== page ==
Android

Organize your self(ies) with Impala

Instead of constantly swiping through a vast collection of photos to find that shot you took of patch panels, server rooms, or equipment damage, start tagging photos with Impala.

Impala

Smartphone cameras have come a long way. In fact, some business users now use Android smartphones to snap photos for promotion purposes and other marketing material. Thing is, you can wind up with a vast amount of photos saved on your device — so many that they become hard to find. However, thanks to apps like Impala, finding images should never again be a problem.

Impala is one of those apps you use and think "Wow, how does it know?" With a built-in camera app, Impala tags photos as you take them. I tested this out, and Impala quickly and correctly tagged:

  • Indoors
  • Outdoors
  • Men
  • Cats
  • Cars
  • Text

Impala is one of the more impressive apps I've tried in a while. It does what you expect it to do — specifically, it helps you tag your photos so that they're easier to locate. With that said, let's install and use this app to see if it just what you've been looking for to keep that ever-growing collection of company photos in check.

Note that Impala does not alter your photos, nor are they stored on a server. You won't notice any difference when you view the photos — only how the photos are sorted and saved.

Installation

The installation procedure is simple. Just follow these steps:

  1. Open the Google Play Store on the device
  2. Search for Impala
  3. Locate and tap the entry for Impala (by Euvision Technologies BV)
  4. Tap Install
  5. Read the permissions list
  6. If you agree with the permissions list, tap Accept
  7. Allow the installation to complete

Once it's installed, you'll find the app launcher within the app drawer (and, depending on your device, the home screen). Tap the launcher to open the app.

Usage

Using Impala is simple — like using the built-in camera app. You point and click. As you take the photo, you'll notice tags appearing in the upper left corner. I did notice the #hands tag appearing more often than not.

The main window has two buttons: Shoot and Find (Figure A).

Figure A

Figure A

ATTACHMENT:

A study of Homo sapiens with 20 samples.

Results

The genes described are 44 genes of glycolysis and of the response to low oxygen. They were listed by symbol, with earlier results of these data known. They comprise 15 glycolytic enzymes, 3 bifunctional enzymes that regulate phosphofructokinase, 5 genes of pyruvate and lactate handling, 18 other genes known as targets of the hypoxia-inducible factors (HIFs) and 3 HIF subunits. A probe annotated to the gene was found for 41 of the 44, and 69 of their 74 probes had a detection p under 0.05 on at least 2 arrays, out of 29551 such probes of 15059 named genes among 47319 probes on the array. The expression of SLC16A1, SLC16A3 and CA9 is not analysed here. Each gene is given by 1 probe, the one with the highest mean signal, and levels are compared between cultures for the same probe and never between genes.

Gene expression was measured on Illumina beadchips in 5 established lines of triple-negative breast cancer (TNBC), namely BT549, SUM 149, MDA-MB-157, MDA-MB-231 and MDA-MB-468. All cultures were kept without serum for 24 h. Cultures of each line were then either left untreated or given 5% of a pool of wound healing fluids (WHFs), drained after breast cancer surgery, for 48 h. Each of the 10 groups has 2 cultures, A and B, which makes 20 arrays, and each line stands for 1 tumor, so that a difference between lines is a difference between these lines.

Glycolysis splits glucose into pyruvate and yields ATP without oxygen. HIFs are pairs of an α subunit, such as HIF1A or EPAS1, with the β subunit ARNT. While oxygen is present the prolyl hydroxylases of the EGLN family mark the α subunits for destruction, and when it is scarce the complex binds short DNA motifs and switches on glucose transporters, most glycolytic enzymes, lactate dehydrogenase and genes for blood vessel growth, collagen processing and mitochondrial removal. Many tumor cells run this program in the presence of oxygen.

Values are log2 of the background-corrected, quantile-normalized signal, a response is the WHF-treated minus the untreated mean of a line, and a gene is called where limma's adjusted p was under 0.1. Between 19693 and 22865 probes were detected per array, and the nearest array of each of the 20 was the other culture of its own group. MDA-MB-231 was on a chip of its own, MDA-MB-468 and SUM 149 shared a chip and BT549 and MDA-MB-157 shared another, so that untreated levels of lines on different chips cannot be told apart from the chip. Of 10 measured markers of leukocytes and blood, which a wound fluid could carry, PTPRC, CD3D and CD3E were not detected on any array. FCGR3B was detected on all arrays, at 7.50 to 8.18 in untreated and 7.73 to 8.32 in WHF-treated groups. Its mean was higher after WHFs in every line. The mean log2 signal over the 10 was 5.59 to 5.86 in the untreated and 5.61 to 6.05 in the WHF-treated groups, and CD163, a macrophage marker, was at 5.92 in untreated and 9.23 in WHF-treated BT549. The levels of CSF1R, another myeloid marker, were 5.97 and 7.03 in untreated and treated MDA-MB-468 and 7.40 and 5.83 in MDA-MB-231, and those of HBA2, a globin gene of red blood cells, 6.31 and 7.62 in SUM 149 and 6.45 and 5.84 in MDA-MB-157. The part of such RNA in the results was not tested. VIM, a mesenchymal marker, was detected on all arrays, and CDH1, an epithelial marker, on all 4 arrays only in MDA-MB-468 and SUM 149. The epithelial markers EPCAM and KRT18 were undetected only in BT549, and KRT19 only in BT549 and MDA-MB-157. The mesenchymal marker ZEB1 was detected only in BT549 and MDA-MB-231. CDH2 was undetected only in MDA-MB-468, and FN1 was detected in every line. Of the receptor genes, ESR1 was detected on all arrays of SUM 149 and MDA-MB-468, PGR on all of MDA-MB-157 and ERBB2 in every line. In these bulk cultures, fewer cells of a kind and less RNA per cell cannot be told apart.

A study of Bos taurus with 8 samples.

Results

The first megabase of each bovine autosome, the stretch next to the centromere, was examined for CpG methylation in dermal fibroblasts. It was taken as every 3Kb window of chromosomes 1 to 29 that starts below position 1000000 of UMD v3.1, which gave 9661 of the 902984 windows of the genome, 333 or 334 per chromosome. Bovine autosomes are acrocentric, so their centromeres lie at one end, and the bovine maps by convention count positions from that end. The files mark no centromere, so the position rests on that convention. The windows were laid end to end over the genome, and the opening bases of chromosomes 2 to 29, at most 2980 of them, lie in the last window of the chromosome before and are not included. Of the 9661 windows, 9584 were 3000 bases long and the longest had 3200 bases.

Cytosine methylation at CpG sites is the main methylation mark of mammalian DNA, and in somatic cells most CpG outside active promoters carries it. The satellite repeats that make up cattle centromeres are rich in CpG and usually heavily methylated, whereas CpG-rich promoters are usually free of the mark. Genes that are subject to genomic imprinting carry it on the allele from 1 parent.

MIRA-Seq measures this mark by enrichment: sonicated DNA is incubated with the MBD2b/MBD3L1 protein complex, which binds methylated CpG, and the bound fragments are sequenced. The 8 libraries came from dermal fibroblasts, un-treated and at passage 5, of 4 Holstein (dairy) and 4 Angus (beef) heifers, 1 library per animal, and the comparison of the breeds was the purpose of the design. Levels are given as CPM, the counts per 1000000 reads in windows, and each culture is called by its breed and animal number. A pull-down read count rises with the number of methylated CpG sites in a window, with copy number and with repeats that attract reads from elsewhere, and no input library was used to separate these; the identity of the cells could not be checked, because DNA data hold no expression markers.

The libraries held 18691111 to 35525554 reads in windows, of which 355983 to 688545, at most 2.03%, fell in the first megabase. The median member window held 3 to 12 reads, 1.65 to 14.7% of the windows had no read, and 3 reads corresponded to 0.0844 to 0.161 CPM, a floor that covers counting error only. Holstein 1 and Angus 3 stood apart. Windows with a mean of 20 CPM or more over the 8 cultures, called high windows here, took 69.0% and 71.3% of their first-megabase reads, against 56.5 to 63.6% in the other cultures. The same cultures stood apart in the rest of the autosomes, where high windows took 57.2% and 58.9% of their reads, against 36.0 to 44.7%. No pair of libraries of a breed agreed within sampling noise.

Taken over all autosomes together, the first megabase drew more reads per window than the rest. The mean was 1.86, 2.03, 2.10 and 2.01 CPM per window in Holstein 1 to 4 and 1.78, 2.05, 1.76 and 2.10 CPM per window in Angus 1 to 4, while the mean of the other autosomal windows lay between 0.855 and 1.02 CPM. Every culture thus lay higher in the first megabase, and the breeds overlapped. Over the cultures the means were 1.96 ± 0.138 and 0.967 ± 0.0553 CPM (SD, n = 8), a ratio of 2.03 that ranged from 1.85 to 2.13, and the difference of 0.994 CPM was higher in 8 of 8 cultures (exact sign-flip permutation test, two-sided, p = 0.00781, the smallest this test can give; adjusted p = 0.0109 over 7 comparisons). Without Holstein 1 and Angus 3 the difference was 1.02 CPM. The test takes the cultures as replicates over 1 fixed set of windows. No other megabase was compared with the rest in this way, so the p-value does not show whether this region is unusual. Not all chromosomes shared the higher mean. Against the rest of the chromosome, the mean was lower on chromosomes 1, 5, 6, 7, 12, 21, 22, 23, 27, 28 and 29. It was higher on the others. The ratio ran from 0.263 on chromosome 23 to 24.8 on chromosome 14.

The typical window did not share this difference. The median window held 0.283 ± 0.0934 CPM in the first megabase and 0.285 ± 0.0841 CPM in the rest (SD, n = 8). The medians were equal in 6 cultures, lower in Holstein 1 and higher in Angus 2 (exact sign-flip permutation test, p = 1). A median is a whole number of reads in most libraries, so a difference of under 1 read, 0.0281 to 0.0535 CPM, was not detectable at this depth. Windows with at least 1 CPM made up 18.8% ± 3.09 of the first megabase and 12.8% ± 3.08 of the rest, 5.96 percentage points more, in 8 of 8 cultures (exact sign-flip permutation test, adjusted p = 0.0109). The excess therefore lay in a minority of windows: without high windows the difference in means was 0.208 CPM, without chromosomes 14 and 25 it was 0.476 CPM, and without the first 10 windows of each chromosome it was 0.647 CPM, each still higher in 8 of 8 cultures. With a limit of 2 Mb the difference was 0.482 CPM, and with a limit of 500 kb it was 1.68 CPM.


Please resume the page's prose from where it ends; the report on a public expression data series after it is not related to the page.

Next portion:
Impala running on a Verizon-branded HTC M8.

To take a picture, tap the Shoot button, and you'll find yourself viewing at a fairly standard camera app. The key to using Imapala is to frame the photo and give the app a second to figure out the best tag. Once you see the proper tag, snap the photo (Figure B).

Figure B

Figure B

Correct photo tagging with Impala.

Once you've taken a photo, tap your device back button to get to the main window. From there, tap the Find button. Here you'll see all of your photos categorized into tags (Figure C).

Figure C

Figure C

Photos tagged and sorted.

Impala only has a few settings. From the overflow menu (three vertical dots in upper right corner of the main window), tap Settings. In this new window (Figure D), you'll see two sections: SHOOT and FIND.

Figure D

Figure D

Impala settings window.

There's one setting that interesting — Pixelate when seeing hands. What this does is pixelate the screen and disable the shutter button when hands are visible. This can be tricky as the app often sees hands (either by shape or color). So, this option is best left out.

Although the tag #hands pops up a lot while taking shots, there isn't a categorization for that tag in the folder structure. I think it's more a warning than anything (probably because peoples' hands so often get in the way of taking photos with smartphones).

If you're tired of having to constantly swipe through a vast array of photos on your smartphone, you should definitely give Impala a try. It's free, and it's amazing at its ability to tag your photos to make them easier to find.

What do you think? Is this an app you could benefit from? Do you use your smartphone camera at work enough to warrant something like this? Sound off in the comments below.

About Jack Wallen

Jack Wallen is an award-winning writer for TechRepublic and Linux.com. He’s an avid promoter of open source and the voice of The Android Expert. For more news about Jack Wallen, visit his website jackwallen.com.